When I was writing the Encyclopoedia I was aware that a lot of guitar students find the idea of modes very confusing. I spent a bit of time working out a sensible way for guitarists (and others) to think about them, and it wasn't that hard. It therefore continues to amaze me that lots of guitarists -- even experienced teachers -- often say things about modes that are either flatly incorrect or only part of the story.
Myth 1: The Modes are the Dorian, Phrygian, Lydian...
Guitarists think this because that's what they're taught: "You've learned the Major scale, now you need to learn the modes". These things called "the modes" seem to really just be scales, don't they? So why are they called "the modes"? It's a mystery, isn't it? Just another one of those weird things about musical terminology, perhaps.
The idea of modality doesn't just apply to the Major scale modes most guitarists learn if they want to play jazz or rock. It applies to any scale: well, almost any -- there are a very small handful of exceptions. It's an extremely useful idea, and it's a real shame that most guitarists don't understand it well enough to benefit from it.
Myth 2: But "The Modes" Come From Ancient Greece!
Stop it with this. The names of the modes are derived from the names of places in ancient Greece. That's about it. If you want to hear some ancient Greek music, check out the sound files at the Australian Academy of Sciences. Beautiful, haunting and strange they surely are, but anything to do with modern Western music they surely are not.
For a start, the tunings are all different; you can actually hear MIDI having to rapidly bend the equal-tempered pitches to fit what scholars believe would be the right pitches for Greek music. That aside, the system of pitch-organisation was quite alien to modern music theory too. Modality as we understand it today wasn't even possible until the Renaissance, and was only rarely used as a concept before the twentieth century.
Myth 3: Modes are Scales
This is half true, but half-truths are dangerous.
In modern music theory the word "mode" has a precise and specific meaning. Any scale (with a very small handful of exceptions) has more than one mode. The clue's in the name: a mode has to be a mode of something. Modes don't just float around on their own.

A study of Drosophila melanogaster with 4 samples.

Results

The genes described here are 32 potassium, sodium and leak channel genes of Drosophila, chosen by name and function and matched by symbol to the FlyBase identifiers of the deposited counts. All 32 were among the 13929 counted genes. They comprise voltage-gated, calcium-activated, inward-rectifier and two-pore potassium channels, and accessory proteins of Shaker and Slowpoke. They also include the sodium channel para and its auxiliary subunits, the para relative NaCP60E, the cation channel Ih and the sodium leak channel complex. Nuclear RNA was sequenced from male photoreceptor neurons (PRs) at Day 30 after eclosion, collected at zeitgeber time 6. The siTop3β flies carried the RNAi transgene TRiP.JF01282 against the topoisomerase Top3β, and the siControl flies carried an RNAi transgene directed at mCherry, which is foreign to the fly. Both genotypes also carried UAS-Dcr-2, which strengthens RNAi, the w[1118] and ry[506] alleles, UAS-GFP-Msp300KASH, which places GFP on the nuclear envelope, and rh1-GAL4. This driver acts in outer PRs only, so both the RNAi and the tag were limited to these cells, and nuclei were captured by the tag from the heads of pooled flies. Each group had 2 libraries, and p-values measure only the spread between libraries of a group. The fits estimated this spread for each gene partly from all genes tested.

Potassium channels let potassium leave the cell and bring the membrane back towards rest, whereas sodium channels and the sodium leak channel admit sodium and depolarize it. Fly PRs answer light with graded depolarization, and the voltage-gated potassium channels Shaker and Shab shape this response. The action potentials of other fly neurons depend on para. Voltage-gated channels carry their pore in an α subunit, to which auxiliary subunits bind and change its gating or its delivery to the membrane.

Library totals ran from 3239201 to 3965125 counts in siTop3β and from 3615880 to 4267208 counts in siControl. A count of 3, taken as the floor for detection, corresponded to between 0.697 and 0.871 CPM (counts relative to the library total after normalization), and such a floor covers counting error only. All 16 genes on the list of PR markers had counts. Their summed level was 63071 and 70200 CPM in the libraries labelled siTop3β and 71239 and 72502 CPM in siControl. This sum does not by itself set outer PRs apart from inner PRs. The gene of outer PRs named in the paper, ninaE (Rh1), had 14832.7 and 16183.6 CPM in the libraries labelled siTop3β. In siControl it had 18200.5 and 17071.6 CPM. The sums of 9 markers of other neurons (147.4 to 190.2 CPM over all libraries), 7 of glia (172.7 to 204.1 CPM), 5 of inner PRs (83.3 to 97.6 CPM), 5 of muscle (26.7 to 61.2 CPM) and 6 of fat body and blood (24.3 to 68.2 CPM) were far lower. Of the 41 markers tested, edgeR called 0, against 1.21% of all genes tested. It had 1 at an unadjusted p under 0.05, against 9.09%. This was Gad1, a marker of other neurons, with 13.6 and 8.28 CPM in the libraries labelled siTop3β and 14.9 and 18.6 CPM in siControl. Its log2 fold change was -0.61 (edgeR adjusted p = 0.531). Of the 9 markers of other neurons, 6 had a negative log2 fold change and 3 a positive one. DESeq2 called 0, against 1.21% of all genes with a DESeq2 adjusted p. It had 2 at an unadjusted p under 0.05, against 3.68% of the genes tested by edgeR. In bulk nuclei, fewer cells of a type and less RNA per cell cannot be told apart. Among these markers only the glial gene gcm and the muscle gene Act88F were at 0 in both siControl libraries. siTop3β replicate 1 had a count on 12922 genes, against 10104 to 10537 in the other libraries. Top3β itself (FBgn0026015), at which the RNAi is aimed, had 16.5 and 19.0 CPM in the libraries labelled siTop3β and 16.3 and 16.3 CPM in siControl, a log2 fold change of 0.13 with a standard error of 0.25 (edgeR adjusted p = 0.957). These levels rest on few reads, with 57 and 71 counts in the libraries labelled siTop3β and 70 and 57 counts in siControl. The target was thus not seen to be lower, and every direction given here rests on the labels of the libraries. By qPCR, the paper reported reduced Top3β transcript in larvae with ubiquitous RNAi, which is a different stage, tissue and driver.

It's more correct to the Dorian and Phrygian scales are modes of each other. So are the common Minor and Major pentatonics. So, as a matter of fact, are the m7 and major 6 arpeggios.
You can call a particular scale "the Dorian mode" if you like. I prefer "the Dorian scale", because if someone says a scale is a mode I want to ask "what of?", and that's not always a relevant question. But that's just nomenclature: you can call it anything you like as long as you know the difference between a scale and a mode.
Myth 4: A Mode is a Scale Played Starting with a Different Note
This is a very useful claim because the minute you hear it you immediately know you're dealing with someone who hasn't a clue what they're talking about. Why? Because their theory doesn't match their practice. A scale is the scale it is no matter what order you play the notes in, as the person who just confused you with this claim will prove when they pick up the guitar and show you some licks.
A Dorian scale in D is not, repeat not, a C major scale starting and ending on D. If you think it is then I'm afraid someone has lied to you and you need to wash out your brain with a bottle brush. As soon as you see this, walk away. Never listen to anyone whose theory doesn't match their practice, because that's what's called "a bad theory".
Anyone who mounts a defence by claiming that this has something to do with mediaeval chant is talking out of their hat, for similar reasons to Myth 2 (see, for instance, this useful introduction to the church modes).
Myth 5: A Mode as a Scale Played in a Different Key
Oh, sure. You can think of it that way. If you're playing over F# minor and want a Phrygian sound, you can think like this: "Well, the Phyrgian mode is the major scale played an augmented fifth above the root. The fifth of F# is C#, so the augmented fifth is D. So I can play a D major scale here".
By this time the band will have gone home.
Don't do this. It works in theory; you really will be playing F# Phrygian if you do through this contorted little thought-process. In practice, though, it fails dismally because it requires you to do way too much thinking.
So there's five myths about modes that we hear too often, and that confuse students and seasoned musicians alike. The sad thing is that the idea of modality is a fantastically useful timesaving device and a great source of new and interesting sounds. I know I've been a bit negative in this article, so I'll post an explanation of how I believe modes should be thought of in the near future.